During an interview on conservative KLAV radio in 2005, which she once had up on her site, Angle invoked Indiana Rep. Mike Pence, who she claimed said he was voting "no" because the Katrina money was not carefully accounted for. The truth is Pence actually wanted the money to be offset – Human Events was so proud of him, it gave Pence “Man of the Year” in 2005.
But Pence actually voted FOR the $62 billion. His “yea” is right there in the congressional record after someone named Pelosi.
The day after the Sept. 8, 2005, vote, even House Majority Leader Tom DeLay told The Wall Street Journal: “It's too important to play politics with. It's too important to second-guess."
Contemporaneous news stories indicate Pence the budget hawk was taken to the woodshed by Speaker Dennis Hastert and Delay, presumably because his demands for offsets were not so politically wise in his leaders’ minds.
Even most REPUBLICANS in 2005 realized they couldn't ignore the cries for help in The Gulf Coast, and the Katrina aid package passed overwhelmingly. This obviously would have been a "534 to Angle" moment, much like the many "62 to Angle" moments in the Nevada Legislature when Sharron Angle voted against the most common-sense, bipartisan supported legislation, just "out of principle".
So her "principles" mean let people hurt by natural disasters suffer because that might mean money that couldn't be used on another tax break for the super-rich?
Steve Sebelius summed this up best.
It’s this ability to turn a blind eye to real people in real need that I think is a fascinating, and tragic, part of the conservative persona. To hold one’s own philosophy so highly that you’d refuse aid to people who desperately need it just to avoid contradicting one’s own beliefs seems to me the height of arrogance, if not moral idiocy.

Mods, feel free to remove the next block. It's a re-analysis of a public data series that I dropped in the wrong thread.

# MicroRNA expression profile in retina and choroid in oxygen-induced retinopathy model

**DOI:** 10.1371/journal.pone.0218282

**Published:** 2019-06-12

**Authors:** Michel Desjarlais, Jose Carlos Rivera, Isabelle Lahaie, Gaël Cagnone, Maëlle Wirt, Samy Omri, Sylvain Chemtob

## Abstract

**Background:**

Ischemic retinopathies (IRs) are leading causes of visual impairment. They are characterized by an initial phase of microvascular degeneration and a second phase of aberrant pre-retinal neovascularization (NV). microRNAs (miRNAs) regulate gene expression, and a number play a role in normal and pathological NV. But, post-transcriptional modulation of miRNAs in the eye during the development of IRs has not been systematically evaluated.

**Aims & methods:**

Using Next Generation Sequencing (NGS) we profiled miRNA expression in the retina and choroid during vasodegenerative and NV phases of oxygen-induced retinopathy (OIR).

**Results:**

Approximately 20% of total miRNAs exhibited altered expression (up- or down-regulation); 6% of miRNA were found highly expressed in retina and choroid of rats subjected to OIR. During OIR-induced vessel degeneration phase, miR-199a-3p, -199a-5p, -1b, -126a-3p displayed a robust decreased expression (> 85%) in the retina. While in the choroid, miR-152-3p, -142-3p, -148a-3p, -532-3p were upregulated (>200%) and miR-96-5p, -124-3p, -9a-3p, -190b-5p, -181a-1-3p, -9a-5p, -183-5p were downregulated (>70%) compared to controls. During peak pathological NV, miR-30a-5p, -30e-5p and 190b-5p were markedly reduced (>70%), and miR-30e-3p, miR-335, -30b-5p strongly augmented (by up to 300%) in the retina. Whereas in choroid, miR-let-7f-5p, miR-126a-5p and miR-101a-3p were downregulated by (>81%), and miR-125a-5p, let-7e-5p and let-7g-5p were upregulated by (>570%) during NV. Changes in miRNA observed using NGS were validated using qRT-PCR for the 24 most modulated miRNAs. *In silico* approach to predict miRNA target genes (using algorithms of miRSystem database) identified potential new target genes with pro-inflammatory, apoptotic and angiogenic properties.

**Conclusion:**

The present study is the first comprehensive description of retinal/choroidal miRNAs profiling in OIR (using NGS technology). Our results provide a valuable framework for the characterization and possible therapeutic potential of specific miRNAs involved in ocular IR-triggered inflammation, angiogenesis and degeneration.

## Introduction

Angle is not wrong that deficits are not good, and that debt is a bad thing, long-term. She’s not wrong that pay-as-you-go rules are good things, in general, to ensure that spending remains in control.
But there comes a time when those principles must yield for the good of real people suffering in real situations not of their making. (For example, extending unemployment benefits, which Angle also opposes, having once said those benefits “spoil” the jobless and keep them from looking for work.) In those times, we must do what we need to do to help.
By the way, that, too, is a philosophical outlook. I like to think of it as humanity.
And so do I. Five years ago, the people of New Orleans suffered a horrible deficit: a shelter deficit, along with a food deficit. And right now, people throughout Nevada are being hurt by a very cruel deficit: a jobs deficit. There are times when we have to remember our priorities. And while it's important in the long term to work on balancing the budget, a balanced budget doesn't do anything right now to help victims of a natural disaster or help the unemployed find work.
Once again, Sharrontology is out of touch with reality.